Here are a few articles that will explains the drop earlier.

Source: forexfactory.com
By: Thomson Financial

Yen finds fresh legs as risk aversion spreads

LONDON (Thomson Financial) - The yen continued to benefit from a fresh bout of risk aversion in global markets, leading to some unwinding in the carry trade phenomenon which has been plaguing the Japanese currency.

Carry trades are funded in currencies with low yields such as the yen and moved elsewhere where yields are higher such as the Kiwi and Aussie dollars as well as the pound.

'Unwinding of carry trades is hitting the markets rather than the broad dollar-selling as the yen rallies across the board on emerging credit concerns in global credit markets,' said Ashraf Laidi at CMC Markets.

Laidi said today's move was a 'manifestation of a sharp reduction in global risk appetite emerging from worldwide concerns with hedge fund losses.'

To some extent economic data from outside Japan helped the process today. In the UK, where interest rates are at 5.75 pct and heading higher, home price growth stalled in June while in New Zealand, where rates are above 8 pct, the central bank signalled that borrowing costs may not have higher to go.

Also signalling the drop in risk appetite, equity markets were lower with the benchmark FTSE index in London and the DJIA index in New York both slumping over 200 points.

Weak data out of the US also added to the ramping-up in risk aversion, with the dollar also coming under pressure.

In particular, weak new homes data have helped to compound ongoing concerns about the sub-prime mortgage market in the world's largest economy, adding to the risk-averse sentiment in favour of bonds.

Sales of new homes in the US fell sharply for the second straight month to 6.6 pct in June, a level just a touch higher than a seven-and-a-half year low, to a seasonally adjusted annual rate of 834,000 units. Economists had expected a 905,000 unit rate.

'The new and existing home sales reports (released yesterday) are a clear wake-up call that the housing downturn still has a long way to go,' said Paul Ashworth, senior US economist at Capital Economics.

Durable goods orders data from the US also rose at a slower-than-expected pace in June, by 1.4 pct after falling a revised 2.3 pct in May. Economists had predicted a 2.0 pct.


Here's another one by NewstraderFX

Carry Trades Unwind as Bonds Are Bought and Equities Sell

Gobal yeilds are down across the board, as traders concerned about further subprime problems close out their risky positions. Yeild on the US 10y has lost 6 basis points so far today in early trading.

S&P Futures on the Sept contract extended their loss to 17 points from 14 points after the durable goods report was released. Core durables showed a decrease of -0,5% vs an expected 0.5% gain. The prior months number was revised to -0.2% from -0.4%.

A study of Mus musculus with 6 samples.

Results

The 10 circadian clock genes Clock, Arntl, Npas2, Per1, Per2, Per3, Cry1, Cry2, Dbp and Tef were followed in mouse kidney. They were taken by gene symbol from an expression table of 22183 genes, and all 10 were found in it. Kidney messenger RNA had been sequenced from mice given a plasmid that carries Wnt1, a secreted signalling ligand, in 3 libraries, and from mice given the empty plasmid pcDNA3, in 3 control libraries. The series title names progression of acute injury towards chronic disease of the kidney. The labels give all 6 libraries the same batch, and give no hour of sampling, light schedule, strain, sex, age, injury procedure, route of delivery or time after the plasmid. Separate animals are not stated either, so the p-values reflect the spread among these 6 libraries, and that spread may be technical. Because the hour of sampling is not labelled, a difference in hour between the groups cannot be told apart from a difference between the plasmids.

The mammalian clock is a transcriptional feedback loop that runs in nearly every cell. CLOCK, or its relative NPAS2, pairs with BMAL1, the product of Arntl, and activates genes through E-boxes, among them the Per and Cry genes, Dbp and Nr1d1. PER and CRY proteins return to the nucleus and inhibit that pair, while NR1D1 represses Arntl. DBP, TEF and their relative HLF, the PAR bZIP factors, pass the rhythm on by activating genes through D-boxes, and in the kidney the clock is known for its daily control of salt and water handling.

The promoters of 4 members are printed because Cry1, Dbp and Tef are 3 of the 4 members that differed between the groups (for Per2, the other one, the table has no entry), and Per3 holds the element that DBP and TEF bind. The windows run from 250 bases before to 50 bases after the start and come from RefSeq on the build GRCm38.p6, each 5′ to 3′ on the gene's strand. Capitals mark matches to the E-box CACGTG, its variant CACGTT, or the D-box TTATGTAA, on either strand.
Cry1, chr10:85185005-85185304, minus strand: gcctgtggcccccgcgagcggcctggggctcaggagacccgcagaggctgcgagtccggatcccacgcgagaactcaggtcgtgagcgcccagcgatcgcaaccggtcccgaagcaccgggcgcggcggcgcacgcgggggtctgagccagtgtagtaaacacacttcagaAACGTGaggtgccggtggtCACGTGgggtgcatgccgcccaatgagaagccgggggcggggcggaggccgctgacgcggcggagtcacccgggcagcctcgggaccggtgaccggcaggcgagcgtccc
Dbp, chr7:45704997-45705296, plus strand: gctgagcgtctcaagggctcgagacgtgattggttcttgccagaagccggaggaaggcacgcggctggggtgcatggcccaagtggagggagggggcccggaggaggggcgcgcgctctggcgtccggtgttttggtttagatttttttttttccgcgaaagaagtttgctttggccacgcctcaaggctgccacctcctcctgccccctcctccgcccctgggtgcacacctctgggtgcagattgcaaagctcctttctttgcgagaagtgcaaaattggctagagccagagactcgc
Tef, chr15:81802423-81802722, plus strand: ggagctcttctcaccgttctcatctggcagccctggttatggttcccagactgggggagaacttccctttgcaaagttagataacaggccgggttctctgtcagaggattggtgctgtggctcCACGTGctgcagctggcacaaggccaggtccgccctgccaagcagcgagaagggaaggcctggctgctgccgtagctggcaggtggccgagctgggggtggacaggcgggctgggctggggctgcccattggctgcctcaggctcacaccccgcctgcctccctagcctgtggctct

European equities have had their worst day in over 4 months so far today.

The DOW is off over 200 points as yeild on the bechmark 10y has fallen to 5.81%, a clear sign investors are fleeing riskier assests (equities and carry trades). All ten of the S&P groups are down.

If things really start to go bad-they might pull the plug so we'll se what happens.

GBP/JPY is down nearly 400 pips on the day.

The DOW is off nearly 300 points so far on the day and yeild on the 10Y has gone to the lowest levels seen since May-below 4.8%.

It's likely that if US equities finish towards their lows for the day-Asian equities will follow suit and further unwinding of carry trade positions will occur.


And to borrow some quotes at Bloomberg:

Global Stocks Drop; Investors Shun Risk as Credit Woes Worsen


July 26 (Bloomberg) -- Stocks tumbled around the world and U.S. Treasuries rallied on concern higher borrowing costs will slow takeovers, spur debt defaults and curb earnings, prompting investors to flee riskier assets.

...The yen rose against all 16 of the most actively traded currencies as traders bought back yen used to finance investments outside Japan.


And from CNBC headliner:

Selloff in Stocks Picks Up Steam; Dow Sinks As Much as 440

Stocks plunged further after disappointing news from the housing industry prompted heightened concerns about credit markets and the U.S. economy. "We don't know how bad this will be," said David Kotok, chief investment officer at Cumberland Advisors. "We do know that it's bad and it's accelerating to the downside."


EUR/CHF dropping more than 120pips on a single day is very unusual, there is definite abnormality that is going on in the market. Not even expert financial analyst can predict how far down those carrys can go. I'll make some sacrifice loss tomorrow if I had to.